The Gwere People

Written by Administrator

gweremap.jpgName of Language: Lugwere

Name of People:Bagwere

Name of Area: Bugwere

Location within country: Pallisa District, dominating 2 of the district's 4 counties. Over 99% of the Bagwere live in small villages on their traditional tribal lands (called Bugwere) in eastern Uganda, just west of Mount Elgon on the Kenyan border and just south of Lake Kyoga.

Geography and Climate: Tropical forest

Populaton:275,608

Cultural Information: Peasant agriculturalists. The standard means of transport is by bicycle. There are no large towns or hospitals, but the main town is Budaka, a large trading centre with a number of schools.

Diet:Traditionally they survived by fishing and hunting wild animals such as buffalo and hippopotamus, but now along with fishing they practise subsistence farming. The main crops are maize, soy beans and rice, while other crops include millet, ground nuts, cassava, sweet potatoes and cooking bananas.

Economic Status:Very poor and disadvantaged socially and spiritually.

Alternate language names: Lugwere, Olugwere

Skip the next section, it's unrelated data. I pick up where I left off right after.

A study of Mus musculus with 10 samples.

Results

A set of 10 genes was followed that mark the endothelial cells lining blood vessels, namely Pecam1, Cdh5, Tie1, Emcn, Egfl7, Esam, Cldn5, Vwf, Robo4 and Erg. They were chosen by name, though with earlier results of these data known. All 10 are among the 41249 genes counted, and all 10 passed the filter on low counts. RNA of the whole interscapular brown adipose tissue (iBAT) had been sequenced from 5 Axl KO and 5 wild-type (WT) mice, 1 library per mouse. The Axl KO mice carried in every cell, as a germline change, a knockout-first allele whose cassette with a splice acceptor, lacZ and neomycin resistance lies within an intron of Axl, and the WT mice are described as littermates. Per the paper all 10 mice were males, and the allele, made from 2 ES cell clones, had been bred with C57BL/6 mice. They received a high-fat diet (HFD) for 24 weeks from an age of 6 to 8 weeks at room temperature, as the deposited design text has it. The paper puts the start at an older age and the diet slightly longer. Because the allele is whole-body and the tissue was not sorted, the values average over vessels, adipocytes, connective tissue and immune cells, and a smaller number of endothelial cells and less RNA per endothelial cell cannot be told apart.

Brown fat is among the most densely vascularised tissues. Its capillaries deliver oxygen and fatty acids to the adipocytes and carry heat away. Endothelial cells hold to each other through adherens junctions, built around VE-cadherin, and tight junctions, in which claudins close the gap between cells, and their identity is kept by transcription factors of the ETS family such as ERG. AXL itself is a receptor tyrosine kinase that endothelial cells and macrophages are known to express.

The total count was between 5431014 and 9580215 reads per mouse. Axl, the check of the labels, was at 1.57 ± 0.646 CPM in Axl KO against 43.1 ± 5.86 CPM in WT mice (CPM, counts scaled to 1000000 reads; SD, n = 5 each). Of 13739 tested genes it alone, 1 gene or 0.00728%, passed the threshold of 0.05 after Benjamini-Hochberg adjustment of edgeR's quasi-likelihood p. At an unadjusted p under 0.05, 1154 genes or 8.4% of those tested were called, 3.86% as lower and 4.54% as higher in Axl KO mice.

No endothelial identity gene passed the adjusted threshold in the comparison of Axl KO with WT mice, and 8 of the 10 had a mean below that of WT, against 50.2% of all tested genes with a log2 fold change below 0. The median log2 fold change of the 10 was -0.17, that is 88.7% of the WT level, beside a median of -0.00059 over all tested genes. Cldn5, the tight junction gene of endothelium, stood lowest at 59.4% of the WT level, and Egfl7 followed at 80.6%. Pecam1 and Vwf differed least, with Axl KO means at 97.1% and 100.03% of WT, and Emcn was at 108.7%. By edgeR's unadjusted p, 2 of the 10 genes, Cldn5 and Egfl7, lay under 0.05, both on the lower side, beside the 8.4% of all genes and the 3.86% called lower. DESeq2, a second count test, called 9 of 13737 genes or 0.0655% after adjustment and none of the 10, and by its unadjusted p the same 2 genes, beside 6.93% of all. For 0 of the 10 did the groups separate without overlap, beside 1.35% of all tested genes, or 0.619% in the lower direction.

Language Group Information:Their language is Lugwere, which is related to Luganda, the dominant language in central Uganda. Lugwere is used in primary schools if the teachers are Bagwere, but there are few books - those who learn to read do so in English.

milking a cowKeeping livestock is a sign of wealth.
(Gungu, Uganda)
Religion: Christian, Muslim, Traditional. Even though a majority of Bagwere would identify themselves as Christians, only 20% attend church on Sunday and most pastors will admit that only a small percentage of these are committed and trying to live a Christian life. The vast majority of those who call themselves Christian mix traditional religion with Christianity. The traditional tribal religion, with which about 20% of the Bagwere openly identify themselves, is what mostly impacts their day-to-day life.

Most churches are small and use the Luganda or the English Scriptures, neither of which is well understood by either the congregations or their leaders. Pastors tend to be poorly educated or not educated at all. Currently there are many Protestant and Catholic churches in the area and also many cults. Doctrine and church practices vary widely and this is due to a lack of understanding of the Scriptures.

Islam is making its presence felt in Eastern Uganda and Muslim evangelism is very active.